Nigerian Crudes Struggle For Buyers As India Cuts Purchases – Report
Nigerian crude variants are now seeking other buyers in Asia and Europe as India’s COVID-19 situation remains shrouded in uncertainty amid stringent regional lockdowns and weak domestic consumption.
S&P Global Platts reported that most Nigerian crudes were trading at close to 12-month lows. The country’s flagship grade, Bonny Light was last assessed at Dated Brent minus $0.8 per barrel, up from a recent low of minus $0.95 per barrel, but still close to the weakest it has been since May 2020.
Akpo condensate, normally a preferred grade for Indian refiners, was last assessed at Dated Brent -$2.10 per barrel, its lowest level since September 2020.
The Indian Oil Corporation last bought crude loading mid-to-late June in a tender that closed April 15, S&P Global Platts reported.
The refiner had since cut run rates across its refineries to an average of 88 per cent, company officials reportedly said on May 12.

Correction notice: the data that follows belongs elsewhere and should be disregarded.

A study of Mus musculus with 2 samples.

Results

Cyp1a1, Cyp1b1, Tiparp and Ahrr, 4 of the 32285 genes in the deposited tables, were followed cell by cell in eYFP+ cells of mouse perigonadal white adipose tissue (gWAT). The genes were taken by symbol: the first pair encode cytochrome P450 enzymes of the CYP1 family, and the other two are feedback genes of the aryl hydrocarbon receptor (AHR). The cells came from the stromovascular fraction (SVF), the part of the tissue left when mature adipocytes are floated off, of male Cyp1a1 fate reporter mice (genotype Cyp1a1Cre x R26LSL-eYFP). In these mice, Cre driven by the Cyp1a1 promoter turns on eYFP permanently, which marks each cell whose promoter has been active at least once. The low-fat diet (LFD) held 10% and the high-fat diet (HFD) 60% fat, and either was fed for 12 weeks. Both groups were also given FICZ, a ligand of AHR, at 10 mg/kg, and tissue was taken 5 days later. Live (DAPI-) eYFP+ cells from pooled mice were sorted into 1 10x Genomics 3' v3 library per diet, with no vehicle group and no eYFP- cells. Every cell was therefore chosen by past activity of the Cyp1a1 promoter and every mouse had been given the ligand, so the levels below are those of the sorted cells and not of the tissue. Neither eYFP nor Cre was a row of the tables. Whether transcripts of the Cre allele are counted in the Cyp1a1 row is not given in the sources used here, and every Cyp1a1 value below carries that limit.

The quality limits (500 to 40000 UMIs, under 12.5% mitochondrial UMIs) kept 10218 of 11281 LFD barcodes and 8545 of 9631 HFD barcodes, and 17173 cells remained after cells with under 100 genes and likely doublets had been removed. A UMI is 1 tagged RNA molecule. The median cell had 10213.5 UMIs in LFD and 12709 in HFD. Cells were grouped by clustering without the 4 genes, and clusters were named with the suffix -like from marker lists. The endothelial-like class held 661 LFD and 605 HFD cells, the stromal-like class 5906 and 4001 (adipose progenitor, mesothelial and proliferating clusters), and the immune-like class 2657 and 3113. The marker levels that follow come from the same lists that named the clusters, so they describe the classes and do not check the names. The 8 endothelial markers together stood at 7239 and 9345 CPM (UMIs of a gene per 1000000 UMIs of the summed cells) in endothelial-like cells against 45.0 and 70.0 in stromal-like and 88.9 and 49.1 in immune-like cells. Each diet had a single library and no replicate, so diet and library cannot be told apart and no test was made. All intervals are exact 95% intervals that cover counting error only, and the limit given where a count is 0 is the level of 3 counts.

The run rate across its nine refineries was 99 to 98 per cent in the first half of April.
“Three weeks without IOC weighs dramatically on Nigeria. It is the biggest Nigerian grades buyer,” a trader said to S&P Global Platts.
“IOC skipped the last decade of June loading window and now seem to have skipped July 1-10 also,” a second trader was quoted as saying.
India’s state-owned refiners typically issue tenders for a large proportion of their crude requirements, but with the latest wave of COVID-19 infections in the country still raging, no new tender had been issued since late April, S&P Global Platts disclosed.
Refiners such as Indian Oil Corporation, Hindustan Petroleum Corp Ltd and Bharat Petroleum Corp Ltd usually buy significant amounts of Middle Eastern and West African crudes through regular tenders.
The last such buy tender was awarded by HPCL on April 23 for crude loading from West Africa in early June, according to S&P Global Platts data.
Some of IOC’s recent purchases have included Nigeria’s Agbami, Akpo, Bonny Light and Forcados, as well as Gabon’s Oguendjo.
Meanwhile, the international crude oil benchmark, Brent, traded at $73.17 after gaining $0.48 as of 10:09pm Nigerian time on Monday.
The United States West Texas Intermediate traded at $71.21 after gaining $0.30.
Brent had been rising steadily as demand picked up in the US and Europe as lockdowns and flight restrictions eased.